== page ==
As Antarctica melts, pushing sea levels higher, scientists in New Zealand and America have been looking at a similar phenomenon, 23 million years ago, using ancient leaves.
The study has proved for the first time, a link between a CO2 spike and the ancient melt.
Beth Fox from the University of Waikato is one of the authors of the study.
“We knew the ice had melted, but we didn’t have any evidence that there was a change in the carbon dioxide at that time. So this study is the first evidence that we have that there was actually an increase of carbon dioxide associated with the ice melting”
Leaf fossils were collected from a lake bed just outside of Middlemarch in Otago. Scientists took a 180 metre core from the lake which was then split down the middle, revealing near-perfect layers of sediment, which helped the team to determine the age of the fossils.
It is rare for soft tissues such as leaves to be preserved as well as those found near Middlemarch. Scientists usually only have bones and shells to work with, which is what makes this discovery even more extraordinary.
The region was volcanically active 23 million years ago and individual eruptions would blow a crater, which would then fill with water, forming a lake, Beth says. The lakes tended to be narrow and deep and because there were no streams running into or out of it, the sediment at the bottom was never disturbed by moving currents.
“That means that there is no oxygen in the bottom waters. The lack of oxygen means there is nothing to decompose the organic matter. There’s nothing living down there to burrow down into the sediment.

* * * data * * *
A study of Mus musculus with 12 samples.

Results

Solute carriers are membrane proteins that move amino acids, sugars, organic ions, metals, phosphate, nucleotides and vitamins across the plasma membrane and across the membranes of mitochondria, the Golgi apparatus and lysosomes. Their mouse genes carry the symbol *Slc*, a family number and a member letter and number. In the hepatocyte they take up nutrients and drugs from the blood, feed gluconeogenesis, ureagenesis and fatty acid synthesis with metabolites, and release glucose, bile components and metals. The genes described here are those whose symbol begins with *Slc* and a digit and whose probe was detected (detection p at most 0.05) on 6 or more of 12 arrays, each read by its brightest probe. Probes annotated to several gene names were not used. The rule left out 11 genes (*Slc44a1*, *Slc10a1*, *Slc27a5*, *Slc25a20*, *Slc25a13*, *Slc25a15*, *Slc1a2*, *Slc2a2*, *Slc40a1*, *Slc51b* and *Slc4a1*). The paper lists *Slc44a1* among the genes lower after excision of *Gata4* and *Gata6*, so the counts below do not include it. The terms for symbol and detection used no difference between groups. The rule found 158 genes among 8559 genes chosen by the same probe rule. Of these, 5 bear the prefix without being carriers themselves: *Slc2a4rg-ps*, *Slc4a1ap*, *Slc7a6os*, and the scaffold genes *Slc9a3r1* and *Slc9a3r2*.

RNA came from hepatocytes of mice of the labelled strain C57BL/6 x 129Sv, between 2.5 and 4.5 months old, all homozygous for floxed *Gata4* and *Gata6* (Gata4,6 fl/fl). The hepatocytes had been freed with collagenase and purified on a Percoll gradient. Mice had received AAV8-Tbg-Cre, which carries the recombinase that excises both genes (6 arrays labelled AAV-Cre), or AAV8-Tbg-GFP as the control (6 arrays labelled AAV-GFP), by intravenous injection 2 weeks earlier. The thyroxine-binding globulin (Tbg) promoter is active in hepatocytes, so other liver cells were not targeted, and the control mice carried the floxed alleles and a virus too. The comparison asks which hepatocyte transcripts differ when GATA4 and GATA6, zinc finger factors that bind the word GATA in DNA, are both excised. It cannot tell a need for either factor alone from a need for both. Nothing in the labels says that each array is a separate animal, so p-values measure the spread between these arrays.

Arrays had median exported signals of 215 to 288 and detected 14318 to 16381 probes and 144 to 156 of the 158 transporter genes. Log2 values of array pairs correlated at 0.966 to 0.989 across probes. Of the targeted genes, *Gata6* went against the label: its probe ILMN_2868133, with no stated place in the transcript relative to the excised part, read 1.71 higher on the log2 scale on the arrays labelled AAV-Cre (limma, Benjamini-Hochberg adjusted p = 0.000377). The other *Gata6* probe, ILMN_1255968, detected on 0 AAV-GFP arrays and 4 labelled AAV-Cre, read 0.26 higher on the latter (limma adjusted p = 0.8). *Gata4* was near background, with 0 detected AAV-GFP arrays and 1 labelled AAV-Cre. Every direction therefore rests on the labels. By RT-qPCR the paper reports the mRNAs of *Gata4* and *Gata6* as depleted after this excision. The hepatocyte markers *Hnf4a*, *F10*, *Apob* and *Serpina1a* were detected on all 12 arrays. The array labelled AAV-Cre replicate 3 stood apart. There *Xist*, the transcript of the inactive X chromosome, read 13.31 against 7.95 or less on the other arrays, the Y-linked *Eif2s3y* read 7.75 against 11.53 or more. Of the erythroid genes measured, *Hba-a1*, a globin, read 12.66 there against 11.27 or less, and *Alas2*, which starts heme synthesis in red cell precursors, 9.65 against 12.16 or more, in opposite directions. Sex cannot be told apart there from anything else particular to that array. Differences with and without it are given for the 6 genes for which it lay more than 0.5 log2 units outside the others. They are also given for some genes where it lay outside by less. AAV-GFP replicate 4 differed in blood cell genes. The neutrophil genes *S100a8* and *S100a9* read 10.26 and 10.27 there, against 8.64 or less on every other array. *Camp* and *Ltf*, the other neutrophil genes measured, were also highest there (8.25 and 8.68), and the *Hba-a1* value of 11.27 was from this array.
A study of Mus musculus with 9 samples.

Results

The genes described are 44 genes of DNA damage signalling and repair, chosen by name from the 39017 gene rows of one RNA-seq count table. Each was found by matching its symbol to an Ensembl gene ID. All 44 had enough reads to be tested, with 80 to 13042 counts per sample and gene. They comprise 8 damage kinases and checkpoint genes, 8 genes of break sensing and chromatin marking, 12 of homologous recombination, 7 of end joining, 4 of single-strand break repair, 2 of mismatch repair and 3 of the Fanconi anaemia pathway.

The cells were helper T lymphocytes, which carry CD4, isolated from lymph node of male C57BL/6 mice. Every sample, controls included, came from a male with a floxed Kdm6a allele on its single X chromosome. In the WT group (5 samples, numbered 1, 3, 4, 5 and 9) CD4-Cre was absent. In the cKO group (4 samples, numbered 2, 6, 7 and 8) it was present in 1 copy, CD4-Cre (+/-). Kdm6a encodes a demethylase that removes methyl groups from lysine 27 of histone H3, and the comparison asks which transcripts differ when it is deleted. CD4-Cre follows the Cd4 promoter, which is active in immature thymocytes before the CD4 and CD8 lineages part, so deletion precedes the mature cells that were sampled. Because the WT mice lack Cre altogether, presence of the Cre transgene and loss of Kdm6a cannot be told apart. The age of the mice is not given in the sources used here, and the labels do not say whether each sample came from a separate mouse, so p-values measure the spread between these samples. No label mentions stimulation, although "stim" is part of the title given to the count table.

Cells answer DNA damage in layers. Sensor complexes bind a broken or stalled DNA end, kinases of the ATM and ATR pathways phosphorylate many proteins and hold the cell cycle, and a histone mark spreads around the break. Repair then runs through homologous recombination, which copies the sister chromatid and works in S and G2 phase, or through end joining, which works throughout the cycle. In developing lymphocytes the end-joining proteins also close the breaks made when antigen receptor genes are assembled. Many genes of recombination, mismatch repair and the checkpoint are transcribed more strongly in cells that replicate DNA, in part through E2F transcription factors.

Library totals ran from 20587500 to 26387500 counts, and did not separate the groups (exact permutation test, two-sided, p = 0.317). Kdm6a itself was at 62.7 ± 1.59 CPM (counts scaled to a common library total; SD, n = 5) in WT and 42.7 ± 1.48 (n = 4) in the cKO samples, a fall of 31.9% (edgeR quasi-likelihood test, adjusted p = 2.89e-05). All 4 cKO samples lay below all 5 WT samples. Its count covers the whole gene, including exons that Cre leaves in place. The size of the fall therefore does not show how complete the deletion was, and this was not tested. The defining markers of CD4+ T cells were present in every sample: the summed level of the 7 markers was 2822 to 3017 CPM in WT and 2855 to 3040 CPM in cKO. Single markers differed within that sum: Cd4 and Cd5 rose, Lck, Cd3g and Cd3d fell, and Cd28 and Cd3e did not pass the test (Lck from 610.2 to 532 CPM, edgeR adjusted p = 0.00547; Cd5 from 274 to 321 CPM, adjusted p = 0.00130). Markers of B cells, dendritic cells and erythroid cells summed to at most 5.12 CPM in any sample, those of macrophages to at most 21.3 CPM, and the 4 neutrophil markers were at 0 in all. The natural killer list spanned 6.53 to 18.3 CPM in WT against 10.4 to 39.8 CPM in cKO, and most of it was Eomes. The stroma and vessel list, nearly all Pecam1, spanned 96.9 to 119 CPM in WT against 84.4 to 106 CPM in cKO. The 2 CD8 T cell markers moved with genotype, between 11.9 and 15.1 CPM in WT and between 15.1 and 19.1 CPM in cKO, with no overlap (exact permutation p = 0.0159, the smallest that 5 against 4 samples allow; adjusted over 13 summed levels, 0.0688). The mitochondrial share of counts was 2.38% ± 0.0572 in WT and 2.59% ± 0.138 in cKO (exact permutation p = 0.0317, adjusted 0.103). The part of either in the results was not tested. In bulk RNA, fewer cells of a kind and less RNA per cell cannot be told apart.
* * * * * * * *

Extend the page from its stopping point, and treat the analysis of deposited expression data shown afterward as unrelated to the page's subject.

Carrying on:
“So that means that we get basically a preservation of annual layers just like tree rings or ice cores and nothing to burrow down to break those annual layers up and we also get preservation of the original soft tissues of the organisms that were living in the lake above the anoxic zone, that had died and sunk down into the sediments.”
The scientists also found that after the carbon dioxide increase and ice melt, carbon dioxide levels go back to the pre-existing levels after what Beth calls a geologically short period of time of 20,000 years. The ice continued to melt for another 100,000 to 250,000 years.
“The ice goes from about 125% of the present day Antarctic ice sheet to about 50% of the present day Antarctic ice sheet over that period of time. It’s a massive loss of ice, but the carbon dioxide levels do not stay high for the whole time, they actually go down and the ice appears to be able to keep on melting by itself presumably after it has been kick started by that carbon dioxide increase.”
While there is uncertainty around the carbon dioxide levels calculated in the fossils by Beth and her team, their research show the levels at around 425 parts per million (ppm) and then going up to about 750-1500ppm.
The carbon dioxide level in the atmosphere is currently at 400ppm.
“It is something that people have been looking at a lot lately, this idea of thresholds or tipping points in the climate, where once you go over one of these thresholds the climate will shift to a new state. And it’s not necessarily a gradual shift. And we don’t know where these thresholds are, but it looks like this may be a tipping point that we have captured in this carbon dioxide record.”